One of my favorite metaphors for ministry is that it’s like being in a tank of piranhas—no one wants much of you, but everyone wants a little piece. Perhaps the best example of that is in Luke 8. There in the space of just 9 verses Jesus is interrupted three times by people who need something from him.
“Now when Jesus returned, the crowd welcomed him, for they were all waiting for him. Just then there came a man named Jairus, a leader of the synagogue. He fell at Jesus’ feet and begged him to come to his house, for he had an only daughter, about twelve years old, who was dying.” (vss. 40-42)
Jesus goes with him, and “As he went, the crowds pressed in on him. Now there was a woman who had been suffering from hemorrhages for twelve years; and though she had spent all she had on physicians, no one could cure her. She came up behind him and touched the fringe of his clothes, and immediately her hemorrhage stopped. Then Jesus asked, “Who touched me?” (vss. 42-45)
Jesus blesses the woman and commends her faith, and “While he was still speaking, someone came from the leader’s house to say, “Your daughter is dead; do not trouble the teacher any longer.” (vs. 49)
These were all very urgent and legitimate requests for Jesus’ time and special power: a man with a sick and then dying daughter and a woman suffering for 12 years with a hemorrhage. Pastors today have similar emergency requests for pastoral care from parishioners or community members when there is a death, accident, life threatening illness, financial crisis, or any number of things that are perceived as a crisis. And that perception is what matters. Yes the woman in Luke had been bleeding for 12 years and we might think, “Couldn’t she have waited another few hours till after Jesus’ could go heal Jairus’ daughter?” After all, while she delayed Jesus with her crisis the little girl died!
Maybe she didn’t mean to delay Jesus. Luke tells us she believed that if she could just touch his robe she would be healed. But Jesus stops and says, “Who touched me?” He felt power go out from him, and that’s important for pastors and parishioners to notice. Each time we make a genuine connection with someone in need it takes emotional and psychic energy to do so. Too many pastors and church workers fail to make time and space for self-care because there is always someone or something that needs our attention.
In Mark’s Gospel we don’t even get through the first chapter before “the whole city was gathered around the door” where Jesus was because he had healed the sick and cast out demons. (Mark 1:33). And in the very next verse Mark says, “In the morning, while it was still very dark, he (Jesus) got up and went out to a deserted place, and there he prayed.” If Jesus needed spiritual renewal and self-care you can bet the rest of us do too. But the respite is short-lived. Next verse—“And Simon and his companions search for him. When they found him they said to him, “Everyone is searching for you.”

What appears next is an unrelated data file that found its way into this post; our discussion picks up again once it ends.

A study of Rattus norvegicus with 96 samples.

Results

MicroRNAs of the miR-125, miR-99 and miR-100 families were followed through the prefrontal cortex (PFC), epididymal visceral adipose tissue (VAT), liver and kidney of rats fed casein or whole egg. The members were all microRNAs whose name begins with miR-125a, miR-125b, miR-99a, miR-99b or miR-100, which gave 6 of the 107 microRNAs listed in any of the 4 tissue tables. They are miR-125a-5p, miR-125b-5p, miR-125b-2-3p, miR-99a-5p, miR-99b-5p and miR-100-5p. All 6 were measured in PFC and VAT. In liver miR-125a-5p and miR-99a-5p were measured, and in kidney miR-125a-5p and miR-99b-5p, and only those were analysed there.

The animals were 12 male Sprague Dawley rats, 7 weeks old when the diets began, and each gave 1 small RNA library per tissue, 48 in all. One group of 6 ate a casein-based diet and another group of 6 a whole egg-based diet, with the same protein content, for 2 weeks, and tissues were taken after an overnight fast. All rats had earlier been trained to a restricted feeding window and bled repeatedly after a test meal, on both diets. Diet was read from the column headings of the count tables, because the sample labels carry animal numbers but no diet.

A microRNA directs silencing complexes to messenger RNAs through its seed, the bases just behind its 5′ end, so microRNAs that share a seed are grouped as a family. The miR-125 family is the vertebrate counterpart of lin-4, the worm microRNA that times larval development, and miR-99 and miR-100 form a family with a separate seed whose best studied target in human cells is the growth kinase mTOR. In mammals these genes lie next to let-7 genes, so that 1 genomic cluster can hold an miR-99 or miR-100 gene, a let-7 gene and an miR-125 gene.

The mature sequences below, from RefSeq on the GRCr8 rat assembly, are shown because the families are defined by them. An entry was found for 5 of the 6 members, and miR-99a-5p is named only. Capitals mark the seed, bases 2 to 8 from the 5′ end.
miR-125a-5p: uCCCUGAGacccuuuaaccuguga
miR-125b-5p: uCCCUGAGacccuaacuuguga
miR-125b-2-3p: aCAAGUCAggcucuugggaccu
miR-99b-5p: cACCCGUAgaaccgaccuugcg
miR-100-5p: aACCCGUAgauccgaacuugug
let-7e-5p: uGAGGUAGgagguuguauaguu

Most of my ministry was done before the advent of cell phones; so I can’t imagine how much harder it is for pastors and church staff members to get away from it all in our hyper-connected world today. In the good old days one could actually “get away from the phone,” but now we are all not only available 24/7 but we are also constantly in touch with the mind-numbing, depression inducing stream of bad new and injustices around the globe. Everything is “Breaking News!” Never has the need to unplug and get away to a quiet place been more necessary.
And I know it‘s not just a clergy problem. Being able to work from home can be a blessing at times, but that convenience is a two-edged sword that can cut deeply into family time, recreation and vitally important rest and relaxation.
I have learned the hard way retirement doesn’t solve the problem either. Self-care still requires intentional and disciplined attention. For example, I have been meaning to write this post for over a week now and other things keep interrupting. Those things run the gamut from broken-down lawn mower to chronically stopped up toilet, not to mention the eight health related appointments I’ve had in the last two weeks.
I don’t practice this well, but what I’ve learned over the years is that resenting the interruptions does no good whatsoever, in fact it just makes things worse. If instead we can learn to see the interruptions as the stuff of life itself, the very opportunities to be most alive in service to others, what a difference it makes. Look at one more example from Jesus in Mark 6:
“The apostles gathered around Jesus and reported to him all they had done and taught. Then, because so many people were coming and going that they did not even have a chance to eat, he said to them, “Come with me by yourselves to a quiet place and get some rest.” So they went away by themselves in a boat to a solitary place. But many who saw them leaving recognized them and ran on foot from all the towns and got there ahead of them.” Their much-needed R & R is ruined, and what does Jesus do? Does he say, “Oh crap, look at all those people! I can’t take it anymore! Let’s go somewhere else.”
Not at all. Listen to what Mark says next: “When Jesus landed and saw a large crowd, he had compassion on them, because they were like sheep without a shepherd. So he began teaching them many things.” Jesus embraces the interruption because his compassion was stronger than his weariness.
Where does he get that strength and compassion? Read the rest of that story. After he asks the disciples for what little bit of food they have and feeds the multitude with it, this is how the story ends: “Immediately Jesus made his disciples get into the boat and go on ahead of him to Bethsaida, while he dismissed the crowd. After leaving them, he went up on a mountainside to pray.”
Self-care for our own physical, emotional and spiritual needs is the secret to living abundantly in the reality of Vita Interruptus.